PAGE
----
I always ask myself, “Would I buy this property?”
If I’m certain, I bring it to the people who have entrusted me with expanding their portfolio in Eastern Washington.
Does your broker regard your investment as their investment? How does he or she handle your income, retirement, and legacy?
Retaining a knowledgeable broker is definitely an advantage. But are there other qualities and traits your commercial broker should possess? And if so, what are they?
In other words, how should your broker behave in terms of how they communicate, how they operate their business, and how they treat, not only you, their client, but also the other party?
I thought it would be a good idea to explore this question through the lens of some of my own clients. This may strike you as a tad self-aggrandizing but that is not my purpose here.
Even though we are in a market involving inanimate objects, this business is driven 100% by the people involved in it. Clients know better than anyone the importance of a well-qualified, principled broker.
So, I feel confident that you can take their information and apply it to future decisions and opportunities. Well-informed investors benefit the entire community.
“It was a tough time to sell a building and a tough building to sell… We knew this was going to take time and determination on the part of a broker. Russ was a good choice, his knowledge of the local market and ability to stick with the marketing process was key. As the months and then years passed, Russ remained committed, pursuing every possible lead. He researched the neighboring commercial building owners and also looked at potential non-profit tenants. Eventually, a viable buyer emerged, it was a long process bringing the buyer to closing and required several obstacles to overcome. In the end, the sale was completed. Through the long process I came to know Russ well, perhaps most importantly, I came to trust him.”
Often times, as the process drags on, as it sometimes does, people stop returning phone calls. Properties collect dust, brokers look to easier closings, and clients can’t move on to their next investment.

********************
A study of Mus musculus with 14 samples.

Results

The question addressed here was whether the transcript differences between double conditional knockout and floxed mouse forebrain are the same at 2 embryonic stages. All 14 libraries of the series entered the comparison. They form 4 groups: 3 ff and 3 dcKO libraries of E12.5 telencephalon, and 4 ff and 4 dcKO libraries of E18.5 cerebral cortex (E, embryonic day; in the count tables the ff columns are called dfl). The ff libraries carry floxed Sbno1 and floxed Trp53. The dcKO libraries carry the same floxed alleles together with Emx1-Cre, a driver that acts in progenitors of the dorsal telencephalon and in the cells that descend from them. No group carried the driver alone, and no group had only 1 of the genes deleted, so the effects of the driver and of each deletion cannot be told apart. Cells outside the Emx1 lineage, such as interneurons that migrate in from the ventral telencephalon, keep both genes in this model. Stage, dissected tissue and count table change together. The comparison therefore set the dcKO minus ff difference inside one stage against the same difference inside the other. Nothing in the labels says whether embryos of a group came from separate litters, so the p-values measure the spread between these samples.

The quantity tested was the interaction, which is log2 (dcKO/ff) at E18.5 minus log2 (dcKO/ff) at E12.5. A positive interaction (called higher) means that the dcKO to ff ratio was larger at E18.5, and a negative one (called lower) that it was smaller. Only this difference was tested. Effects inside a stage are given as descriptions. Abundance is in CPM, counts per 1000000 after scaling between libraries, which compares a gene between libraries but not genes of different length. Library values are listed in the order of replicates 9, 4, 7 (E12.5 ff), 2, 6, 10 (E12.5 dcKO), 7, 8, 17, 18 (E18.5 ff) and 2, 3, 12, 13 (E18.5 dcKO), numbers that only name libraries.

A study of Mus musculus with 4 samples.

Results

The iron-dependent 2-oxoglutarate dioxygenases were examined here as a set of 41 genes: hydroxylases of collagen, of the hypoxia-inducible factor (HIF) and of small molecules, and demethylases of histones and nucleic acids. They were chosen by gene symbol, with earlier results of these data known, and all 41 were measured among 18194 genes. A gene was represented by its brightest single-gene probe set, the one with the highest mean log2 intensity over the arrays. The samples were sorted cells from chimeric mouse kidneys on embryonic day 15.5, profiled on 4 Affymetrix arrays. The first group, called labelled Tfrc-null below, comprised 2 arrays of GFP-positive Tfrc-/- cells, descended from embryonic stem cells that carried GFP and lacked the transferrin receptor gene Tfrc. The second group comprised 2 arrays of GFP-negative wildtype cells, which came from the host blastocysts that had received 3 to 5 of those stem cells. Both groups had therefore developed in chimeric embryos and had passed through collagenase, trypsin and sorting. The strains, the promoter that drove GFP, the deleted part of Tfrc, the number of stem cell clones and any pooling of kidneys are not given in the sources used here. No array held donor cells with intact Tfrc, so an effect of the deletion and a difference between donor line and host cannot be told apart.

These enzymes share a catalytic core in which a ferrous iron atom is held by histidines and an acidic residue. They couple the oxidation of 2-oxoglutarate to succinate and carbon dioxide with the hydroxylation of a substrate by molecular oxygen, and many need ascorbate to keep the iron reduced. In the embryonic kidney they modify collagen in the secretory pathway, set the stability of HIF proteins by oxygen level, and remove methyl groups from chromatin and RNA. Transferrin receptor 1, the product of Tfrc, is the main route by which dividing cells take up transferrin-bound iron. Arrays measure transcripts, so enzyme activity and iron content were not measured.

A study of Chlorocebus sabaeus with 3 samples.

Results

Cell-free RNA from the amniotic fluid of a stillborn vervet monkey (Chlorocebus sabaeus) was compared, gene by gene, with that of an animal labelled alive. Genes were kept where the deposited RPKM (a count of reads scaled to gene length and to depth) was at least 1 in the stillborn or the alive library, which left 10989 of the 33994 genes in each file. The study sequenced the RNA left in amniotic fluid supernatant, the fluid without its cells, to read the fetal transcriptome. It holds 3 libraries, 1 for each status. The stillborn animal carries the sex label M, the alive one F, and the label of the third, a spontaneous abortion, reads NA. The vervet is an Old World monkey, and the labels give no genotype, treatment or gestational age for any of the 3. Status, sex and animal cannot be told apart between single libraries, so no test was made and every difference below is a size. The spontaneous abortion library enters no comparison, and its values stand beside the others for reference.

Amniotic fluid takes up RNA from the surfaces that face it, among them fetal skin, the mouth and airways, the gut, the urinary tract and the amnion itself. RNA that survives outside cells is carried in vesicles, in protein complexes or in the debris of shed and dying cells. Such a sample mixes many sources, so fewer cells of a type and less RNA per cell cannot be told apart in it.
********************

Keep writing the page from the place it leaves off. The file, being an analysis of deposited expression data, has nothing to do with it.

Research your broker’s track record. Speed and quantity are not everything. Commitment, in a word, can be just as valuable.
As a certified commercial investment manager, Russ has the business acumen to study the market in detail and analyze the true effectiveness of the investment. With his analysis tools he was able to provide us with an accurate picture of the internal rate of return, discounted cash flow models, and the future value when it might be the proper time to sell the property.
Does your broker care enough to continue to invest in their education and their excellence? Did you know less than 2% of all realtors and less than 10% of all commercial brokers are certified commercial investment members?
For instance, a Certified Commercial Investment Member certification, or CCIM, involves taking 6 graduate school level classes, passing a comprehensive final test on all classes, and completing a 100-page portfolio of qualifying experience to prove you know how to implement what you’ve learned in the real world.
Is this necessary? No.
But, a broker needs to do more than put up signs and field phone calls. Are they doing anything to improve their skills in order to better serve you?
I reached out to Russ Roberts four years ago when I unexpectedly needed to find a new office on a short notice. As a self-employed Professional, I had a specific budget and requirements that I needed to meet. I felt that Russ went above and beyond, finding the perfect office for me. I felt like he really understood my needs and made sure to find a place that was convenient, in my price range, and in a safe area, I could feel comfortable in. I wouldn’t hesitate to use him again.
Brokers need to consider your present needs as well as anticipate your future needs. Possessing an established network allows a broker to work without listings. Networks allow brokers to meet seller’s needs and expectations.
It’s fairly easy to verify your broker’s network. A quick trip on loopnet, linkedin, or google will confirm what you need to know. But you should talk to business owners and property managers in your area of interest.
Again, people are the key.
To summarize, seek a broker who can provide
What qualities or traits have you found to be necessary and beneficial in your commercial broker? Comment below! I’d love to hear what you have to say.